A teacher of mine heard me expounding my Usage Determines Meaning doctrines and sent me a courteous e-mail in which he offered one rejoinder to my laissez-faire attitude toward usage.
He pointed to a sentence he had just read in a student paper:
At the extreme were men like Alexander Campbell…
He objected to the student’s use of “like” instead of “such as,” saying,
I know exactly what [the student] means. And from my reading experience, it’s a widely used expression. Am I wrong for marking this and insisting that it should be “such as”? I’m with you on the basic concept (obviously), but some examples demonstrate that [usage determines meaning] can be (may be?) easily abused and/or subjectively applied; can usage sometimes undermine meaning?
Here’s my answer: I put “like” vs. “such as” in the category of language’s social function. Using “such as” shows that you are one of the initiates into the club of people who know “the rules.” That has a not insignificant value, because if I live in a world where most of my readers will tsk-tsk me if I violate a supposed rule, I might as well not cause them to demote me by my employment of usages they don’t approve of. So a teacher provides his students a useful service if he is telling him: “Most educated people don’t think you should write this way. You must prove to me while you are still in training that you are able to heed them, no matter what you choose to do later.”
But a teacher does his student a disservice if he says, “You can’t use like here because that word means ‘similar to’ and therefore excludes Alexander Campbell, the person you actually meant most to include.” The fact that the teacher understood his student perfectly shows that this line of reasoning doesn’t work. If everybody understands a usage and uses it, it’s acceptable English. It’s not “wrong.” Usually I find that such rules have been around for many decades, often even centuries, and that both usages were used by premier writers of English before the rule even existed. That’s the way “peruse” is, I believe, according to the OED.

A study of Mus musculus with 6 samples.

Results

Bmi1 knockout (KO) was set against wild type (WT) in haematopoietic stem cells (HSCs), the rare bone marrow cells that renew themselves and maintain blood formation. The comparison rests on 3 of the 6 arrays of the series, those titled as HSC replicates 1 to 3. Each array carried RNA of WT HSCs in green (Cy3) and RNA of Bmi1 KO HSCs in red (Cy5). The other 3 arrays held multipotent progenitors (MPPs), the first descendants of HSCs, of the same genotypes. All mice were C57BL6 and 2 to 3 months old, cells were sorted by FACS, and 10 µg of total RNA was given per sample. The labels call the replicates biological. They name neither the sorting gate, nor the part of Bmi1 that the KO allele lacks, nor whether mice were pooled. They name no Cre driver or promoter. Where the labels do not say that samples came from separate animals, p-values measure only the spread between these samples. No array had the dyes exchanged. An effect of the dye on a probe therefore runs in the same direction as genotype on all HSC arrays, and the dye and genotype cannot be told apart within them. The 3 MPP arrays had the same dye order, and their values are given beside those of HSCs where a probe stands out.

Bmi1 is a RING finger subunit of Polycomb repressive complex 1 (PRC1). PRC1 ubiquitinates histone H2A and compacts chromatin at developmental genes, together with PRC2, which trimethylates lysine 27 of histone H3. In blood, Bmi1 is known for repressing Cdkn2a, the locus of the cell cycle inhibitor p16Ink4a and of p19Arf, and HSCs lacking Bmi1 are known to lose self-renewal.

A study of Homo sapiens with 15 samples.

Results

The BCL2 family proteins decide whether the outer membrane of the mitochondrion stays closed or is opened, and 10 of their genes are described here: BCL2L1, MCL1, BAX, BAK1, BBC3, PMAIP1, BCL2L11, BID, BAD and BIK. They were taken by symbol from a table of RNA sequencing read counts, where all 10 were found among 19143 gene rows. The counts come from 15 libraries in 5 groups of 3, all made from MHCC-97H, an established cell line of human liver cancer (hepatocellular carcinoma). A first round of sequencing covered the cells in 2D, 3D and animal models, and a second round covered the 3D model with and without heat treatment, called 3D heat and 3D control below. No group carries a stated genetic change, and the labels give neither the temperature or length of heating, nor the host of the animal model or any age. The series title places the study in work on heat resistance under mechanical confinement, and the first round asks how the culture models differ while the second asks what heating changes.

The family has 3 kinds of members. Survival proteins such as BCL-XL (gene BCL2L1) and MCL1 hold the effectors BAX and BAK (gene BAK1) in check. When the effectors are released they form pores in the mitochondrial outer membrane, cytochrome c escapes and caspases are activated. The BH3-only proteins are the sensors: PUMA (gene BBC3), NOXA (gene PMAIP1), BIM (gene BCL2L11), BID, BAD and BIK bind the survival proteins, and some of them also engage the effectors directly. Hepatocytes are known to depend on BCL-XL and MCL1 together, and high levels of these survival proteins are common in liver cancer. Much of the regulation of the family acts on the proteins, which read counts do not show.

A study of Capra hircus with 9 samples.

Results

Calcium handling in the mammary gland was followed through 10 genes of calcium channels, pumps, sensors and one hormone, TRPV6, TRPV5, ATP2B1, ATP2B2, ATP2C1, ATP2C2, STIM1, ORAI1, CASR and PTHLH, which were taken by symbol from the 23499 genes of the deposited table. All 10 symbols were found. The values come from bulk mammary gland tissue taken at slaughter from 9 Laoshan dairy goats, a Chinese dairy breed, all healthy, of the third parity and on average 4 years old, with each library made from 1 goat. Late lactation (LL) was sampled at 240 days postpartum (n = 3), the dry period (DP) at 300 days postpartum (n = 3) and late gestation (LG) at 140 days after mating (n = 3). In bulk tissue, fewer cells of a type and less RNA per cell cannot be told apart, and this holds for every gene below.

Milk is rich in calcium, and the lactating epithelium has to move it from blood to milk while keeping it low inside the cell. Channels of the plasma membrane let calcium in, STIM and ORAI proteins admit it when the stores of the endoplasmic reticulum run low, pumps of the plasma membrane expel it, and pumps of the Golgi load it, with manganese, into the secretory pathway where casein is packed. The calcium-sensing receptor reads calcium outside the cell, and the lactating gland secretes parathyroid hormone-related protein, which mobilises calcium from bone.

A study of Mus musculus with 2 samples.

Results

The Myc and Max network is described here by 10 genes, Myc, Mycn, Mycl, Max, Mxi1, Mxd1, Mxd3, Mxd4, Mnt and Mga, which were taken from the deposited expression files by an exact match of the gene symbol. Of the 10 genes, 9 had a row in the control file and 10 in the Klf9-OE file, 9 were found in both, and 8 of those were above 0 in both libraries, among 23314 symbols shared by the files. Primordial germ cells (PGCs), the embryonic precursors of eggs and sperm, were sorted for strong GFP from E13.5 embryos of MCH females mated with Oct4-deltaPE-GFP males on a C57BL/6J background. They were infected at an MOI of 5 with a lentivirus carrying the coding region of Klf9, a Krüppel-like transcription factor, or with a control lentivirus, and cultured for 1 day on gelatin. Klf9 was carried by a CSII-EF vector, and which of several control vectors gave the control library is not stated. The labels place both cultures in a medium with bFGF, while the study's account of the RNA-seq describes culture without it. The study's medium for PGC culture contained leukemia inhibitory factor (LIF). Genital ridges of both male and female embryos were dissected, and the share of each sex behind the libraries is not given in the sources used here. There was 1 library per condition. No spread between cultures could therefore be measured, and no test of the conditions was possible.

Sometimes enough of a chorus arises from little boys that the emperor has no clothes that a rule fades mostly away. I gather that “split infinitives” have gotten there, or almost. So has the putative rule proscribing sentences ending in prepositions (“This is the kind of arrant pedantry up with which I will not put,” Churchill is reported to have said in the mid 40s, showing how long educated people have seen through this silly “rule.”)
There are a few times I feel sympathetic to those demanding a stop to the supposed relativism of descriptive lexicography. One example is this website, which notes that “begging the question,” a technical term in philosophy/logic (known in Latin as petitio principii), is now commonly used to mean something like “raising the question” instead of what it has always (?) meant. But the website is fighting a losing battle, and there will always be alternative ways for them to get their idea across.
It’s a losing battle because we can’t insist that all speakers of English remember and use arcane rules. We can insist that Ph.D. students and grammar teachers hold on to the rules, but they’re a limited lot. What’s more, language just refuses to be as precise as scientific modernism wants it to be, because it needs to serve people who simply can’t maintain such precision—namely us. We’re limited, finite. And God Himself is fine with this finitude. He’s the one who chose not to make language perfectly precise; even in His Word there are instances of ambiguity. Does Christ’s love for us constrain us, or our love for Him? No one will ever know for sure until glory, and I’m convinced God meant it that way. The Bible is absolutely true without being exhaustively precise.
The best stuff I’ve read on the English side comes from John McWhorter (though he uses a title I don’t want to put on the blog), and the biggest advance I ever made in the field came from reading a BJU-required writing textbook, Style: Lessons in Clarity and Grace. Joseph Williams, one of the authors of the how-to-write section at the beginning of the latest Turabian manual, discusses “like” vs. “such as” explicitly in that work. Vern Poythress is also really good, and his book is free online (see especially chapter 6, “Words and Precision“).